Japan's new Prime Minister Yukio Hatoyama leaves the prime minister's official residence in Tokyo, Japan, for an installation ceremony of him and his...
 Japan's new Prime Minister Yukio Hatoyama speaks during his first press conference at the prime minister's office in Tokyo, Japan, Wednesday, Sept. 1...

Japan Politics

Japan's new Prime Minister Yukio Hatoyama leaves the prime minister's official residence in Tokyo, Japan, for an installation ceremony of him and his...

APTOPIX Japan Politics

Japan's new Prime Minister Yukio Hatoyama speaks during his first press conference at the prime minister's office in Tokyo, Japan, Wednesday, Sept. 1...

Japan's new Prime Minister Yukio Hatoyama has both the pedigree and the experience to lead, but has spent most of his career on the outside.
The 62-year-old president of the Democratic Party of Japan is the grandson of Ichiro Hatoyama, who served as prime minister from 1954 to 1956 and co-founded the long-ruling Liberal Democrats, who Hatoyama ousted from power when he led his own party to victory in parliamentary elections last month.
His father, Iichiro, served as foreign minister and his younger brother Kunio, who is still a Liberal Democrat, has served in several ministerial posts in the previous government.
But Hatoyama, who has served eight terms in parliament, has taken an unusual path to power.
He studied engineering at the prestigious University of Tokyo and earned two masters degrees and a Ph.D. at Stanford University before starting a teaching career. He is only the second Japanese prime minister since World War II to hold a doctorate.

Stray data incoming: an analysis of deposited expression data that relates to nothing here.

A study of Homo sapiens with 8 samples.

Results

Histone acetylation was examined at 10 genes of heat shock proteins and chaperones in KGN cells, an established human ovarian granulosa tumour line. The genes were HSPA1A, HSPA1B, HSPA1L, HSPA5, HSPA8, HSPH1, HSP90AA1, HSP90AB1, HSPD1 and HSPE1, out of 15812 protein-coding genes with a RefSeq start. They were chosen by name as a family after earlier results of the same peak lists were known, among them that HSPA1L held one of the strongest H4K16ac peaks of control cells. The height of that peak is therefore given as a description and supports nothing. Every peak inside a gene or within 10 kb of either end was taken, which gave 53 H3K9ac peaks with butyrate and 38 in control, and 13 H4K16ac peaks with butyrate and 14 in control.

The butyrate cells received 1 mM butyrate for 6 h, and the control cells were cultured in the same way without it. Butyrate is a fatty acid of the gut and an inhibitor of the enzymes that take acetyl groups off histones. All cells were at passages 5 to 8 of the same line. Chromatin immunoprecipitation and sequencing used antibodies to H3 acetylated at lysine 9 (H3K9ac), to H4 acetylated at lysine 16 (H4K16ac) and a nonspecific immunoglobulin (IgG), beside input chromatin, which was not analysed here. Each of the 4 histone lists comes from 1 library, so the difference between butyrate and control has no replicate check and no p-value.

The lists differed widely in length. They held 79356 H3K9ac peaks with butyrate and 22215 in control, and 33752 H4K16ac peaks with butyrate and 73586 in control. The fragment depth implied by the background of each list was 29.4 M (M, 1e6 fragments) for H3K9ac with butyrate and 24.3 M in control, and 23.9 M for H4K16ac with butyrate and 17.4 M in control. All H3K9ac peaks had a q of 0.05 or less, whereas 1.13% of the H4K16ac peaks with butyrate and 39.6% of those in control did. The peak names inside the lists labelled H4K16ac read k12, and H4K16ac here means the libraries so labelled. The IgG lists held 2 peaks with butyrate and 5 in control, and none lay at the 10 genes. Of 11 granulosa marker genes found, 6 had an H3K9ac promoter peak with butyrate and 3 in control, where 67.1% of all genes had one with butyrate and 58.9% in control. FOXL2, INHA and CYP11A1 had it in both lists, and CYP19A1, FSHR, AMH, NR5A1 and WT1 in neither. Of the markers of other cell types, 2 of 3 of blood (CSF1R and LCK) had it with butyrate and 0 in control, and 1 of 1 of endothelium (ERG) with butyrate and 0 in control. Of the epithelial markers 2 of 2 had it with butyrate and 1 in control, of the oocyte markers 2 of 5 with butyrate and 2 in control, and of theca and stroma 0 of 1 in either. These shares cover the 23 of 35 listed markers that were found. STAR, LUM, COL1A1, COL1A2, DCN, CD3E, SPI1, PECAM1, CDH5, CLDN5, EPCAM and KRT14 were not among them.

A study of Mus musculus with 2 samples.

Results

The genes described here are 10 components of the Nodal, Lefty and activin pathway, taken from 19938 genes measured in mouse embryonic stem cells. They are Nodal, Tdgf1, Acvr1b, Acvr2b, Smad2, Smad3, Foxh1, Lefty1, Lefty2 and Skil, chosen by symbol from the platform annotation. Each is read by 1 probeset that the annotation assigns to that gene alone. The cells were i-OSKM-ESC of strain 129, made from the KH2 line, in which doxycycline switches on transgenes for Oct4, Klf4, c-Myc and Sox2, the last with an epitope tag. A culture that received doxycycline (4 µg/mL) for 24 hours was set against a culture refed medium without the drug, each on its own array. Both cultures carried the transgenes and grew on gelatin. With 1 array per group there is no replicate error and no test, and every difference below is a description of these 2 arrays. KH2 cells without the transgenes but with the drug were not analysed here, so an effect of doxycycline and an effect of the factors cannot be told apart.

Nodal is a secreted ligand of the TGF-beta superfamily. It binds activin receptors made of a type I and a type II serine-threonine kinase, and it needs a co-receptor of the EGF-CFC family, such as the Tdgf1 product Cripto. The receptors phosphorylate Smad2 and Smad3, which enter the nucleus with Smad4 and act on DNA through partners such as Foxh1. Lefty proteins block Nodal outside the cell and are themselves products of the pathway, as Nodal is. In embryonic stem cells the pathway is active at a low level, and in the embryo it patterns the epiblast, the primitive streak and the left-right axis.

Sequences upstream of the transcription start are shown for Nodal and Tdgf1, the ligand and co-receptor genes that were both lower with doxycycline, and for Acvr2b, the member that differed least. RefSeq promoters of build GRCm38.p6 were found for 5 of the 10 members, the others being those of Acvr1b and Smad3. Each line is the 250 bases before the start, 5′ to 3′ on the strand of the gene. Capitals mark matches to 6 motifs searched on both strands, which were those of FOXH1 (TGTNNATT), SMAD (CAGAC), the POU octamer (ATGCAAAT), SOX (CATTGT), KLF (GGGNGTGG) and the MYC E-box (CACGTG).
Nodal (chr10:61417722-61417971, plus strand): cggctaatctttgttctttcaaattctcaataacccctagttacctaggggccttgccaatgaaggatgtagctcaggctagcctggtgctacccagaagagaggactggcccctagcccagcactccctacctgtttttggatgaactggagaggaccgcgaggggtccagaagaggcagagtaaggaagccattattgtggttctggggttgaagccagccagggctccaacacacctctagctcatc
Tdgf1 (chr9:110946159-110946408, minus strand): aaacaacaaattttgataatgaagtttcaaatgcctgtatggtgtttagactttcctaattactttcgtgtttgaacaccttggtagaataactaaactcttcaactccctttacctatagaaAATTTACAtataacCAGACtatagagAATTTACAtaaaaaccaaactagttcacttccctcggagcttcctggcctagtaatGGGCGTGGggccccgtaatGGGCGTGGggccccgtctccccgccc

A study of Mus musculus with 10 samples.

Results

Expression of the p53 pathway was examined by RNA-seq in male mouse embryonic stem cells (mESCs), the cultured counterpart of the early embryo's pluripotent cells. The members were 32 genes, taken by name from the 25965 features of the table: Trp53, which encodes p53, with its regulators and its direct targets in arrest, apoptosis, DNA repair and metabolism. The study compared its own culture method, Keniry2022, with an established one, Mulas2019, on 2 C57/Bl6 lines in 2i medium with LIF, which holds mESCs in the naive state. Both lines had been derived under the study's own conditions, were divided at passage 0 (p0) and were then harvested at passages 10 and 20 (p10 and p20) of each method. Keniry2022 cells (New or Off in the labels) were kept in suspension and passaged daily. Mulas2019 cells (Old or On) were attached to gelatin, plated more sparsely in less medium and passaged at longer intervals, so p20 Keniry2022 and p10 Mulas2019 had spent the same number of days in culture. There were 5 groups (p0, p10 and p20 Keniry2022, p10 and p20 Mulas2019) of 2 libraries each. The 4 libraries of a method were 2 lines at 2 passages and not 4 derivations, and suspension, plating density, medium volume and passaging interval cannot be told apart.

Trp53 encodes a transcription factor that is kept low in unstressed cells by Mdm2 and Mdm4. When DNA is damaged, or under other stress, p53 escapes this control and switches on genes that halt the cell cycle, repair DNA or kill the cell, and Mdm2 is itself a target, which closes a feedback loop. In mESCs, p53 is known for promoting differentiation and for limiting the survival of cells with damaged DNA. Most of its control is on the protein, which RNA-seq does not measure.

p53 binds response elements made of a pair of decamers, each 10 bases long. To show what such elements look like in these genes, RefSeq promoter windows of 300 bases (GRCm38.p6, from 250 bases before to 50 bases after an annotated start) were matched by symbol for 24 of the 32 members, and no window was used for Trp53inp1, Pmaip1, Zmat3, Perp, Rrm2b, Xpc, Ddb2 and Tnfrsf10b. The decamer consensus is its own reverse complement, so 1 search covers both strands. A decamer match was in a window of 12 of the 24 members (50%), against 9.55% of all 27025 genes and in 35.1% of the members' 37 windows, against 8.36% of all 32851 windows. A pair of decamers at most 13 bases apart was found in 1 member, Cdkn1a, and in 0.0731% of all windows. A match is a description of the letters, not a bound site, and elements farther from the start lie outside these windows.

In 1983, he became a private secretary to his father, and was elected to parliament three years later.
Seven years after that, however, he left.
Hatoyama parted from the Liberal Democrats after an internal revolt over corruption scandals among its top leaders and in 1993 joined the opposition to form an eight-party coalition government in which he kept a low profile.
When the coalition collapsed in less than 11 months over policy rifts, Hatoyama co-founded the Democratic Party of Japan with several other ex-LDP barons.
Aloof and professor-like, Hatoyama is not seen as charismatic, and has been nicknamed "the alien" because he can come across as eccentric. But he has a knack for connecting with voters and novice lawmakers, says Kenzo Fujisue, a Democratic lawmaker serving his second term in the upper house.
"He likes to crack jokes, he is fun to be with. But when he makes decisions, he follows logic, not hunches. He is a scientist," Fujisue told The Associated Press, adding that Hatoyama's experience at Stanford would help build good ties with the U.S.
Hatoyama's wife, Miyuki, 66, is certain to become Japan's most colorful first lady.
A former actress in a popular all-female theater group and a strong believer in spiritualism, Miyuki has said she met U.S. actor Tom Cruise in a previous life and that her soul has traveled to Venus on a UFO.
She calls herself a "life composer" and coordinates Hatoyama's suits, shirts and ties.
"I hope the people would be patient with Hatoyama," she said of her husband after he was installed by parliament Wednesday. "After more than 50 years of continuous LDP rule, it will be difficult to make a difference in one or two years."